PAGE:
Praise for famous musicians has gone too far

Graphic by Brian Hwu.

Graphic by Brian Hwu.

By Seth Slover
Staff Writer

Graphic by Brian Hwu.

In a day and age where the music industry is overwhelmingly glorified, musicians are idolized.  While the notion of idolizing famous, successful individuals is nothing new, the degree to which they are adored is perhaps extreme.

The hip-hop and rap industry epitomizes this idea, as rappers are often worshipped as gods on Earth.  Rappers such as Drake, Lil’ Wayne, Mac Miller and Jay-Z are lauded for their “mind-blowing,” “sick” songs and albums.  The release of a new album results in an obsessive excess of comments regarding the immense talent level apparent in their songs.

Twitter is the most common medium used by adoring fans.  Following the release of Drake’s new album, “Take Care,” Twitter was filled with countless Tweets referencing their obsession with the music and the artist himself.  I take issue with the latter.  When 75 percent of my Twitter feed is about the newest hip-hop album and five percent is about more relevant, important issues in the news, then it is safe to say that our generation is weighing the significance of hip-hop artists far too heavily – especially compared to issues that are deserving of such attention.

It is surely normal to be into music, especially when it is new; but when did the enjoyment of an artist’s music begin meaning the artist of the music should be heralded as some sort of deity?  I take issue with this for two reasons.

For one, the obsession with rappers in particular has taken a turn in the direction of absolute, misguided obsession.  To everyone worshipping these men, keep in mind that they are simply human beings with an aptitude for making music considered by some to be enjoyable to listen to.  Many of them do not even write their own songs.  So, let’s slow down with the emphatic exaltation of these mere human beings.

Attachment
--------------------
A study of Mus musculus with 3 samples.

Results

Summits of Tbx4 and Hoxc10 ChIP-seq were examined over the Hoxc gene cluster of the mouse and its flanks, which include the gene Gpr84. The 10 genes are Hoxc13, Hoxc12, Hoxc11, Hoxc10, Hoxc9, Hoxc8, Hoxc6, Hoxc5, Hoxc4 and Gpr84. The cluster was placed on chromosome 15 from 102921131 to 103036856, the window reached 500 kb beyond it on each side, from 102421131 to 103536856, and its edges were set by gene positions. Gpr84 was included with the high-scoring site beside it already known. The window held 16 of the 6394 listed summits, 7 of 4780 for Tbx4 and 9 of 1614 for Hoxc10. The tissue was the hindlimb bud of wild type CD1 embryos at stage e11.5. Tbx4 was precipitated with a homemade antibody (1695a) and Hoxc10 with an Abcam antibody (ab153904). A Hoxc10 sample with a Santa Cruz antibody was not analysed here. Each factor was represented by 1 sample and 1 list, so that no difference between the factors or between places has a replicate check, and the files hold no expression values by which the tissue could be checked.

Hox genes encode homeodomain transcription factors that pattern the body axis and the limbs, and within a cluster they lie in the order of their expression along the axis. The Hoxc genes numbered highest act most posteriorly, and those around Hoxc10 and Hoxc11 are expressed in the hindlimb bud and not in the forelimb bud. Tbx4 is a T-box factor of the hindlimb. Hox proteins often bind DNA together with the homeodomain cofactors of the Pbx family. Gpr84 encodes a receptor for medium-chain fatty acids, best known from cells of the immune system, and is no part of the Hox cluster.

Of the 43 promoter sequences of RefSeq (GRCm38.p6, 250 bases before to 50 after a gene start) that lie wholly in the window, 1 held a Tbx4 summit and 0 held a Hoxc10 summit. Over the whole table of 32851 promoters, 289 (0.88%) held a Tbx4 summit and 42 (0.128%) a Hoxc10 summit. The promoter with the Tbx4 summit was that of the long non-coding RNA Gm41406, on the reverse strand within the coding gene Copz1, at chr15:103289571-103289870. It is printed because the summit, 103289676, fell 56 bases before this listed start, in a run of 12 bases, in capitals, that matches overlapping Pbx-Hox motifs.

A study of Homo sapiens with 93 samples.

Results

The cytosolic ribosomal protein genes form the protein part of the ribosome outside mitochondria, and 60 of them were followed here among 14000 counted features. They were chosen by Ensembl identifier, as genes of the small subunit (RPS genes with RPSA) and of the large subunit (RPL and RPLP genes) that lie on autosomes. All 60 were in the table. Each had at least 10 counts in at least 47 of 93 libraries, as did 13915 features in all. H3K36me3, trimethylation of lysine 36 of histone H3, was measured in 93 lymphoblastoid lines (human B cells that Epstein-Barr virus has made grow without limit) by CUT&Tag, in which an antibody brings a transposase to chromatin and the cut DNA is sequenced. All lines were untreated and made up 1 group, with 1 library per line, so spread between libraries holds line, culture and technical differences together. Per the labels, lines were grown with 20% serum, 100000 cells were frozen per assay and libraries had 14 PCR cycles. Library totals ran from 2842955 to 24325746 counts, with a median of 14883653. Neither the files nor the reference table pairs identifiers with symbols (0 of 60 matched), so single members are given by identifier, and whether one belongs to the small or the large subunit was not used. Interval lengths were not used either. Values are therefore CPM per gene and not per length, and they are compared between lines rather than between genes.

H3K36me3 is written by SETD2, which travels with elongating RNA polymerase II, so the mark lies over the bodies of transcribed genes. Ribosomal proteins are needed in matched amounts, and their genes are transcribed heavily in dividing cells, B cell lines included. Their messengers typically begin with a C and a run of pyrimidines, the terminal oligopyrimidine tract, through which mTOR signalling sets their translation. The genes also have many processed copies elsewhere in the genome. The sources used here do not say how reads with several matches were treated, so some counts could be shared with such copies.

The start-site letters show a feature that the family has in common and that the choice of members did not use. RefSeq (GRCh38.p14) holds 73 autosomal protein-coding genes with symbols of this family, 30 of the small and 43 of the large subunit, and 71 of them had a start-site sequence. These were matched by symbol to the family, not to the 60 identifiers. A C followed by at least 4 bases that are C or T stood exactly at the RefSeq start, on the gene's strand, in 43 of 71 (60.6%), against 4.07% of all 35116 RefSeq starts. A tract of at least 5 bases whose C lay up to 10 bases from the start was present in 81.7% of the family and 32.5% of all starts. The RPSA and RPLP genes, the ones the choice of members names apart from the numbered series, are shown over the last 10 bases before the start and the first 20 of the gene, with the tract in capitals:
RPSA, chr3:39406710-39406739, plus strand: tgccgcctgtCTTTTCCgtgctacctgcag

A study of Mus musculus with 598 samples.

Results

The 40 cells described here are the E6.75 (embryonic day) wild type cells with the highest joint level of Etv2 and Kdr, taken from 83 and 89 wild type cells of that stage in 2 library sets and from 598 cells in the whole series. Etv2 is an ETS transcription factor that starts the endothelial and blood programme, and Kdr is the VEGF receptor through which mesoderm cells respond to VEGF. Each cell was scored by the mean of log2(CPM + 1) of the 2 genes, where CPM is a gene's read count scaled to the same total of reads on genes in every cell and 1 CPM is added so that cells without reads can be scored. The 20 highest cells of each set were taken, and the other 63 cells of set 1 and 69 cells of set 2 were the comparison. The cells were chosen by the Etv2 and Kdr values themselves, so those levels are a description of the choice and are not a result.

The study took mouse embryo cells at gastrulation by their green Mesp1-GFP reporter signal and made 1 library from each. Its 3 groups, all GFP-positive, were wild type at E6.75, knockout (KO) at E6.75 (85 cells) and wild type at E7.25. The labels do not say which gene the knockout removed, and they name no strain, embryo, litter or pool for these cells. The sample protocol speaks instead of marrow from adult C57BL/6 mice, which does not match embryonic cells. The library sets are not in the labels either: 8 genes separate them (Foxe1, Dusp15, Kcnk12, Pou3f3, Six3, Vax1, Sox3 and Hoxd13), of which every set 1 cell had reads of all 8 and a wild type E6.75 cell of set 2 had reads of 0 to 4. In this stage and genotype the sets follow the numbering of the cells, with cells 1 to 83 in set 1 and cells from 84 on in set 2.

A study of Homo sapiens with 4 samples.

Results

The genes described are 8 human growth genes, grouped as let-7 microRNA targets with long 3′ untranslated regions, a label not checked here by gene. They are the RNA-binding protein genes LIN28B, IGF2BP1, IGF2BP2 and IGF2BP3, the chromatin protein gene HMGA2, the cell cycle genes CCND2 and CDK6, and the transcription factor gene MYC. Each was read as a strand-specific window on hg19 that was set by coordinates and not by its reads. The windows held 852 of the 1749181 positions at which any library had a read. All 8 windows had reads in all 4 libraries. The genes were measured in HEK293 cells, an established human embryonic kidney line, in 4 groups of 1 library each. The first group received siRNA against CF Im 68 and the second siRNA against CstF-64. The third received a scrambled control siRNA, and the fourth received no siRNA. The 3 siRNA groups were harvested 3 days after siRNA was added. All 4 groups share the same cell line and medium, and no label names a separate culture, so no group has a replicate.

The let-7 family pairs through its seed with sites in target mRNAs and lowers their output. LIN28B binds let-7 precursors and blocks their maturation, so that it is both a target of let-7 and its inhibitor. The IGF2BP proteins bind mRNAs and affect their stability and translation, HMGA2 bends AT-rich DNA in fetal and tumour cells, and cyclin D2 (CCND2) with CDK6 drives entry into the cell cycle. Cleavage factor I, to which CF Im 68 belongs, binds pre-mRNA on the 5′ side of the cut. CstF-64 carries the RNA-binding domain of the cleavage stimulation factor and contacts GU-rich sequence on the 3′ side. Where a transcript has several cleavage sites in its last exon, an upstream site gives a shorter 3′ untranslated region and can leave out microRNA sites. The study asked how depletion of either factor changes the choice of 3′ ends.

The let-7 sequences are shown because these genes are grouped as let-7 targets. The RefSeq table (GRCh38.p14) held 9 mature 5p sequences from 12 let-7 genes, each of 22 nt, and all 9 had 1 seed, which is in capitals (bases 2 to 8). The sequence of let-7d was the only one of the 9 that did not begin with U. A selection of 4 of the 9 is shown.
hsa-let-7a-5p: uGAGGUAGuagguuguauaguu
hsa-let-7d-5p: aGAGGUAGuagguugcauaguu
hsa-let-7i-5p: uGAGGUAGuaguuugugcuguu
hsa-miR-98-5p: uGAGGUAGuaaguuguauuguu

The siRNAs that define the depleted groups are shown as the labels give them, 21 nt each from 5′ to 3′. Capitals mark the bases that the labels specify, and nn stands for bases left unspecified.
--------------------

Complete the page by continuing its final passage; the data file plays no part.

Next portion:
Perhaps the more concerning aspect is the fact that my generation seems more drawn to and more adoring of the wrong people.  To an extent, I listen to and enjoy certain types of rap; nevertheless, I can imagine no argument that could viably claim that these heralded artists are generally clean, upright or morally respectable based off the lyrics in their songs.  Why the immense magnetism to those who so often glorify selfishness, greed, crime and immorality in general?  There are definitely more worthy role models to be followed.

I’m not ranting.  I’m attempting to bring a sense of reality and rationality to this rapper-crazed generation.  Everyone take a step back and realize that there is more to a talented rapper than his music.  You are not “in love” Drake or Lil’ Wayne.  Let’s all get some perspective.